No Age, Bed Wettin’ Bad Boys, Arse, Basic Human
Oxford Art Factory
February 14th, 2019
Almost ten years to the day that No Age last played Sydney, at the 2009 Laneway Festival, the Los Angeles duo return on the back of their critically acclaimed album of last year, Snares Like A Haircut.
A fine four-band lineup had been put together for the evening and all four local acts impressed. Basic Human kicked things off with their primitive punk rock, built on a relentless rhythm section and topped off with the endlessly pacing singer’s half-sung, mostly shouted vocals. They were catchy and a good balance of noise, attitude and humour, with each song introduced as “This is a love song”, given it was Valentine’s Day.
Arse have to be one of the best named bands to come out of Sydney in a long while and you kind of expected great things from them before they’d even played a note. Collared shirts, tight trousers, swagger and volume. The trio started with a gloriously mangled take on Advance Australia Fair before unleashing distorted bass, guitar sounds pulled from a metal album and minimal post-hardcore drumming. It was like Cosmic Psychos cutting all kinds of Jesus Lizard angles with the noise punk dial on 11. They topped it off with a Revolting Cocks’ish lurch and stagger through John Paul Young’s Love Is In The Air.
Bed Wettin’ Bad Boys played a Surry Hills gig with No Age back on that 2009 tour and here they were again, essentially still doing the same thing but seeming much more comfortable in their musical skin as a band. The songs rolled and tumbled with less consternation and more flow. Plenty of tracks from their 2017 album Rot were played including the super catchy pop song Plastic Tears, Away and Expanded Horizons and on stage and with volume it showed how well they’ve shaped their Replacements meets melodic garage punk sound over two albums.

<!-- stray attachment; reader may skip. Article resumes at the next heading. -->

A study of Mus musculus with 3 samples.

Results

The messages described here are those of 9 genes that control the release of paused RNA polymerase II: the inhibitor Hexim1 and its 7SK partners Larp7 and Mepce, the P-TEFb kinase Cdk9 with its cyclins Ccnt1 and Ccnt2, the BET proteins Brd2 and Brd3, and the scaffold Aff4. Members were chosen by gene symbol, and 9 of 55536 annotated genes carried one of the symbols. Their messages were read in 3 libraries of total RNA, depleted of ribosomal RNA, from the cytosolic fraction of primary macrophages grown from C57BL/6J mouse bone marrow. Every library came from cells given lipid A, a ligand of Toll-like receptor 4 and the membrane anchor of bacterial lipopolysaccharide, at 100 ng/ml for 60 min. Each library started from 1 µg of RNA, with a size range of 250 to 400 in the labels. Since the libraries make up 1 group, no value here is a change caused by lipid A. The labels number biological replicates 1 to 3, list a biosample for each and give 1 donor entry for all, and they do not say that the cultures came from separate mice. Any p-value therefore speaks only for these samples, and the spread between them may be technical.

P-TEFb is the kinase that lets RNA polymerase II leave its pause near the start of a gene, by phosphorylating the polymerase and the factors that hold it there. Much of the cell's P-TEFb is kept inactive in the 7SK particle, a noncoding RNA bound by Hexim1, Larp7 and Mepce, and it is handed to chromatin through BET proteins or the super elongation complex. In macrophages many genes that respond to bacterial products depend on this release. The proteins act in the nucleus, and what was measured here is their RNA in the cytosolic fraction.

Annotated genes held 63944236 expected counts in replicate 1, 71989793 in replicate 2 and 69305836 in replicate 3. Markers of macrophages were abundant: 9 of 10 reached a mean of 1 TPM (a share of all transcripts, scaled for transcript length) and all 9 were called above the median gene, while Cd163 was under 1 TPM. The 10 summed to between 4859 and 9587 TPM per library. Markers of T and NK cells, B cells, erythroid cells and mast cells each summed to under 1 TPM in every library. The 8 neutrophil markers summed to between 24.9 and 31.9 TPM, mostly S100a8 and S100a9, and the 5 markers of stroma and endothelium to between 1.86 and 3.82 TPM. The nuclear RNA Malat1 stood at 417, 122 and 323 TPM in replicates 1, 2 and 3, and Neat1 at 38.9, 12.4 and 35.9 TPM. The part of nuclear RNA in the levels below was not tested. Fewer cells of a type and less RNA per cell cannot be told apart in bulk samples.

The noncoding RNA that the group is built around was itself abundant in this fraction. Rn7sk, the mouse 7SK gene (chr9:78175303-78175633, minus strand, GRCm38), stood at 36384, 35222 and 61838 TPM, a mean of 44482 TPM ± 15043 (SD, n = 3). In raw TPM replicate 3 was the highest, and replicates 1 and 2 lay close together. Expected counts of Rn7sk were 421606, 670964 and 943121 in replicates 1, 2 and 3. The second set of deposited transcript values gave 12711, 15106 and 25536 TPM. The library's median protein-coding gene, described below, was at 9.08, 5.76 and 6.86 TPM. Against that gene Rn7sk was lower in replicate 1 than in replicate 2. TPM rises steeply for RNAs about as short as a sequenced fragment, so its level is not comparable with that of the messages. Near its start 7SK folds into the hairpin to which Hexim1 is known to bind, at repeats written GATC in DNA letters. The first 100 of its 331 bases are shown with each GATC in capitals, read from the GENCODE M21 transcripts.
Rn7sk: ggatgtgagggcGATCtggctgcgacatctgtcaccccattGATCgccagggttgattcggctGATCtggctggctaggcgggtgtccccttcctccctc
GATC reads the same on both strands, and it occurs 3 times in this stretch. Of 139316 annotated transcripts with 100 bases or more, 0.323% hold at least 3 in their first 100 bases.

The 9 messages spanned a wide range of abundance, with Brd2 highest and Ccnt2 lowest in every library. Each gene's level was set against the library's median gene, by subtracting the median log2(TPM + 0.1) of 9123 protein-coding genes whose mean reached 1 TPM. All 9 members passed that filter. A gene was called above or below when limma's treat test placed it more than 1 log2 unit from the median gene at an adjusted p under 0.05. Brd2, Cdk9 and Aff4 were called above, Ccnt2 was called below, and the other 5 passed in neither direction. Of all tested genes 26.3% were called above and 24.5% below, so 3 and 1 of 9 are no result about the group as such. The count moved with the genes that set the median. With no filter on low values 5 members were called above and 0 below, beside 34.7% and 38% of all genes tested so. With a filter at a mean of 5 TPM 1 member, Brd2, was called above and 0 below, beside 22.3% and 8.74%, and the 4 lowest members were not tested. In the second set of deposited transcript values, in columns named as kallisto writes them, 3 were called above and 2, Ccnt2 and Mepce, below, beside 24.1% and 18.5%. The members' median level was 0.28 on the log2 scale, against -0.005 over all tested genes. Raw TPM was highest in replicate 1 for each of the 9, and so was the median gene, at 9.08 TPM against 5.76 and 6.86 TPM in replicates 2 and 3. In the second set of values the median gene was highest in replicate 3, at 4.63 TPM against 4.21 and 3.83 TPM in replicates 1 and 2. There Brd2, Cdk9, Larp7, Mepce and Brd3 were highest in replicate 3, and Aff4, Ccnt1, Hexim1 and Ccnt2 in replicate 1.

No Age still do what they’ve always done, from those early days at The Smell in LA to their latest album, they’ve always found inventive ways to dig noise and melody from the single construct of drums, a guitar and a couple of mics. They still seem a relaxed pair, chatting with the audience, exchanging jokes about old songs being new, unravelling the mystery of Vegemite and talking up the observed ease of living as a vegan in Sydney.
Their dynamic is basic but with the subtle interplay of Randy Randall’s guitar effects, Dean Spunt’s punk breakbeats and other avant garde interjections like the experimental ambient typewriter chatter of Snares Like A Haircut, their songs rarely end up regressing into same-sameness. One quickly forgets they’re a two-piece when the full throttle wall of Dinosaur Jr sound bursts forth. It’s a clever blend of energy and inventiveness, equally directed at the mind and the feet of the audience and Randall seemed equally lost in a sea of hair and leg kicks as he wrestled all kinds of sounds from his guitar. When they dialled back the frenzy on the song Send Me they sounded like a lost Flying Nun band – beautifully wasted, wistful and melancholic.
Spunt and Randall left us with perhaps their finest song, Teen Creeps, with its Sonic Youth chug and shoegaze wash of guitar, a cathartic way to send the audience back out into the night, fully vibed on No Age’s dissonant sonic hypnosis.